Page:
The controversial Dakota Access Pipeline (DAPL) secured the final regulatory approval needed to build a pump station and expand others in Illinois, projects that should help it nearly double oil capacity.
The Illinois Commerce Commission (ICC) this week approved Energy Transfer LP’s plan to build a pump station in Hancock County, IL, and expand other pumps already operating in Patoka, IL. The work would boost DAPL capacity to 1.1 million b/d from 570,000 b/d.
Owned and operated by Dallas-based Energy Transfer, the 30-inch diameter system stretches 1,172 miles, from North Dakota’s Bakken Shale to the midstream operator’s Crude Oil Co. pipeline in southern Illinois, which in turn flows to the Gulf Coast.
Regulators in other affected states previously approved the expansion.
Proponents applauded the ICC’s decision, including the Consumer Energy Alliance (CEA).
“Thank you to the Illinois Commerce Commission for setting politics aside and helping put our skilled trades in Illinois and across the Midwest to work by bringing much-needed American energy into our markets to help keep fuel prices down and make our nation more energy secure,” CEA’s Chris Ventura, Midwest director, said.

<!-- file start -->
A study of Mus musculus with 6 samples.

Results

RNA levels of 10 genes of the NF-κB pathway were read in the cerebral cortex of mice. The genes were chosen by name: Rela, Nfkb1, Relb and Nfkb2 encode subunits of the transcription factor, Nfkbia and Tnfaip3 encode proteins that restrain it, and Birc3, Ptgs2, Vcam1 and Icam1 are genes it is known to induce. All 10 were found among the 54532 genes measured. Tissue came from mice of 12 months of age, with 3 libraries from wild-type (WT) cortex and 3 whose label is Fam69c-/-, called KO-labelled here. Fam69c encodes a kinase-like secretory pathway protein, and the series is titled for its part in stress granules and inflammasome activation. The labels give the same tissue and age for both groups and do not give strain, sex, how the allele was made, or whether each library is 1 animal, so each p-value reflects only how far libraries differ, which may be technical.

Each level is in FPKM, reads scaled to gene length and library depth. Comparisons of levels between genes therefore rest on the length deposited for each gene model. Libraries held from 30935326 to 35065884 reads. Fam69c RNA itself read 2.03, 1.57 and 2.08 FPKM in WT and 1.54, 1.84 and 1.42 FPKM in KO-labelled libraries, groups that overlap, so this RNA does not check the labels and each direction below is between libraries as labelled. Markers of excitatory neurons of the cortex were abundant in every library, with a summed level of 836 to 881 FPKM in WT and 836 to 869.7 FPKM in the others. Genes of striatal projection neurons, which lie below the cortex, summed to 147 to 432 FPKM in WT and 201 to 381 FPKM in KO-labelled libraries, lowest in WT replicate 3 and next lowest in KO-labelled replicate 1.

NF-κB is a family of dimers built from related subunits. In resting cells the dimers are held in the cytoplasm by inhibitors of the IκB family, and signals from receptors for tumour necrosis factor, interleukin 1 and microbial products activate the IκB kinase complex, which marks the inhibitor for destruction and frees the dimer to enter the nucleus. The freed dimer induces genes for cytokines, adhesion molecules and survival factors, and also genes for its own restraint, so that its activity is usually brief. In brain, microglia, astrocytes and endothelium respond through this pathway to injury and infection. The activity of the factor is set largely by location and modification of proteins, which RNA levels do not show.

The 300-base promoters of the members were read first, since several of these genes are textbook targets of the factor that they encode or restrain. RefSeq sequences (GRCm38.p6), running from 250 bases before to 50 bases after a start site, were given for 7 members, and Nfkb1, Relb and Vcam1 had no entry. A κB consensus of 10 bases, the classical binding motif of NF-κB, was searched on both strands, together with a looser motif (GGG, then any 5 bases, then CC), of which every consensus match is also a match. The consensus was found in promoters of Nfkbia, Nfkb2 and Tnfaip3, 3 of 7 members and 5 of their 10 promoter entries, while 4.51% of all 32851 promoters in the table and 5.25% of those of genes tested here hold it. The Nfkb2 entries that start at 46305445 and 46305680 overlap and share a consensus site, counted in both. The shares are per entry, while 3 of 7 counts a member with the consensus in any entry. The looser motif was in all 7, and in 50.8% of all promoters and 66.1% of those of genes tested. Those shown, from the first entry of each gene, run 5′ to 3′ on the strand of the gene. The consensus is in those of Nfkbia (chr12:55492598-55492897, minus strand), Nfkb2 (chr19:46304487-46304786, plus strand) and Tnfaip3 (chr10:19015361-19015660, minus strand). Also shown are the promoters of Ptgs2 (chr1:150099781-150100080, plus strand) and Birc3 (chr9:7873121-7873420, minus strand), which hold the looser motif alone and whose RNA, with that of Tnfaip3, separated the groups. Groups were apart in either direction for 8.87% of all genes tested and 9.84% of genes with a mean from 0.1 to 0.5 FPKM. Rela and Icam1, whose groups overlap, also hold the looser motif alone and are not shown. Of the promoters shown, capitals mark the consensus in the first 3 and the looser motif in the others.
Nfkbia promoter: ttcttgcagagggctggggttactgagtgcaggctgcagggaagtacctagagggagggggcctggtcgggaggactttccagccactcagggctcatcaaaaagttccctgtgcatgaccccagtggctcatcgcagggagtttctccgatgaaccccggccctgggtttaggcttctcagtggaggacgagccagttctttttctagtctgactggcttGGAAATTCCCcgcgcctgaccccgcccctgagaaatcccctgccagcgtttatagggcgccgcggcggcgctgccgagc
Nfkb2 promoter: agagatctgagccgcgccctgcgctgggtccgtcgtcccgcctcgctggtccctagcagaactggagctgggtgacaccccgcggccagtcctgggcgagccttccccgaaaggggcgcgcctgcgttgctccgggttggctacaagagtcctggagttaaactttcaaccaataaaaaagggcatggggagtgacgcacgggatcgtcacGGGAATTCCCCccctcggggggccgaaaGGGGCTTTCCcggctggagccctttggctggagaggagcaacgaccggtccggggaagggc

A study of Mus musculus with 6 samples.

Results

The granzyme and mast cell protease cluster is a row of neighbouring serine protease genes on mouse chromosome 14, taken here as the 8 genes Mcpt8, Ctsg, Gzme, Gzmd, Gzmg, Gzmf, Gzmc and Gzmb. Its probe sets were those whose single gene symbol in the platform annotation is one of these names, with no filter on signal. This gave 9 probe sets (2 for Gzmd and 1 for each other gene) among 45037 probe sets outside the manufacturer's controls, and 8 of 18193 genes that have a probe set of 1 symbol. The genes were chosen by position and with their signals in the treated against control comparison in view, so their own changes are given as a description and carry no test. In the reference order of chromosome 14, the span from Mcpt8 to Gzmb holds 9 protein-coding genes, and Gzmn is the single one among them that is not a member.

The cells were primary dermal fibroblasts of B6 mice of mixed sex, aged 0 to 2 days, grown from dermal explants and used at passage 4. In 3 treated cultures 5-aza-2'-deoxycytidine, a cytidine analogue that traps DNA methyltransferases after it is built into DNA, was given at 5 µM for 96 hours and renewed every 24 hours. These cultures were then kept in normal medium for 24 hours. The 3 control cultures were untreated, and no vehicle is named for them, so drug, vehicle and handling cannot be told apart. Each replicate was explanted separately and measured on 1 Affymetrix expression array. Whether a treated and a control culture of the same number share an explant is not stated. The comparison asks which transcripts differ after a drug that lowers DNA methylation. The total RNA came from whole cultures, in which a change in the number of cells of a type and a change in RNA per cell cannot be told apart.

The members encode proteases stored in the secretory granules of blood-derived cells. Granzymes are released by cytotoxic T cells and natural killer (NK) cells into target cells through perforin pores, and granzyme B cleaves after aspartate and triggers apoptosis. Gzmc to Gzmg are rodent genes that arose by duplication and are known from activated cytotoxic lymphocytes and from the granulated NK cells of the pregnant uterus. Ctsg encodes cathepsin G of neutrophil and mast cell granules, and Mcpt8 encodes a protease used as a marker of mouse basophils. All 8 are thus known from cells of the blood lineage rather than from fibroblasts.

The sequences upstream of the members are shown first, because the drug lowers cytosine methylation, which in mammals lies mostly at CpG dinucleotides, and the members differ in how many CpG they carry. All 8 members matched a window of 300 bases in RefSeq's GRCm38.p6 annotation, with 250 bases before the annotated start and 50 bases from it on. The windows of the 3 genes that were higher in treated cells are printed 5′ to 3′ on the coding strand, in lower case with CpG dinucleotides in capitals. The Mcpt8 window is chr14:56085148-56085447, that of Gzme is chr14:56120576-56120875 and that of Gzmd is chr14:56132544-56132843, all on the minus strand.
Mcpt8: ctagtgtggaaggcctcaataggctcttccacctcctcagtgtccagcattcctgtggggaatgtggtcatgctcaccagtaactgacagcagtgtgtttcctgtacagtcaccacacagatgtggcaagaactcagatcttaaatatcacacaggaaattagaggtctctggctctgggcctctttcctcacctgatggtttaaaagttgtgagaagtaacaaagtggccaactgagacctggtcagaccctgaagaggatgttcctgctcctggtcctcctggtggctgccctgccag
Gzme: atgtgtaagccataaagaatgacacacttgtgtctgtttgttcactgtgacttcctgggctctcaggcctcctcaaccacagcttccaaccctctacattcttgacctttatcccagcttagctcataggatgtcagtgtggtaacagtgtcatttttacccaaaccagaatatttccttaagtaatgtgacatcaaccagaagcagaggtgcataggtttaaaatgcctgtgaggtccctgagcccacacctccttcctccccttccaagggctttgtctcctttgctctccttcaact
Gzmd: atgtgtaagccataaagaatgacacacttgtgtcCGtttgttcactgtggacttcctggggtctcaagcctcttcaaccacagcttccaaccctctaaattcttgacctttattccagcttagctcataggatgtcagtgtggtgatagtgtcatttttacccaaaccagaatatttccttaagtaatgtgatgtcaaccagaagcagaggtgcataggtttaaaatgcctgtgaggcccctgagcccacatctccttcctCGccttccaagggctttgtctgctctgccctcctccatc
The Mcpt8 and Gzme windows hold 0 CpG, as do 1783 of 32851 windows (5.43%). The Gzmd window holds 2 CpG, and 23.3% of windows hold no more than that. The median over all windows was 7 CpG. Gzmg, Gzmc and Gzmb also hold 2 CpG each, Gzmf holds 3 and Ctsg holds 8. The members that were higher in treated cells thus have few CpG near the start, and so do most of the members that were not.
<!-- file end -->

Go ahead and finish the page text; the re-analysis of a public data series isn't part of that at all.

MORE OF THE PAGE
“Our country needs to keep getting to yes on building our critical energy infrastructure and the commission’s decision is an important step toward meeting that goal.”
However, DAPL, long a lightning rod for environmentalists and Native American tribes living along its route, continues to face substantial hurdles.
The Standing Rock Sioux, whose land straddles the Dakotas, has filed a lawsuit in federal court to stop the project, warning of potential oil spills near the tribes’ reservation. The tribes also have concerns about increased greenhouse gas emissions. The lawsuit, which also now includes the Cheyenne River Sioux Tribe as a second plaintiff, is ongoing and could imperil DAPL’s progress in coming months.
The plaintiffs argue that the U.S. Army Corps of Engineers and DAPL did not account for a multitude of environmental risks in a challenge to its continued operation. Earlier this year, a federal judge ordered DAPL to suspend operations pending completion by the Army Corps of an environmental impact statement. That decision was subsequently partially overturned by the U.S. Court of Appeals for the District of Columbia (DC) Circuit.
In September, lawyers in the case filed a proposed briefing schedule that sets a deadline for the plaintiffs to file a reply brief by Dec. 18. Analysts at ClearView Energy Partners LLC said this may mean Judge James Boasberg of the DC Circuit, who is overseeing the case, is unlikely to issue a decision on whether to grant an injunction sought by the plaintiffs until after the November presidential election and potentially not until 2021.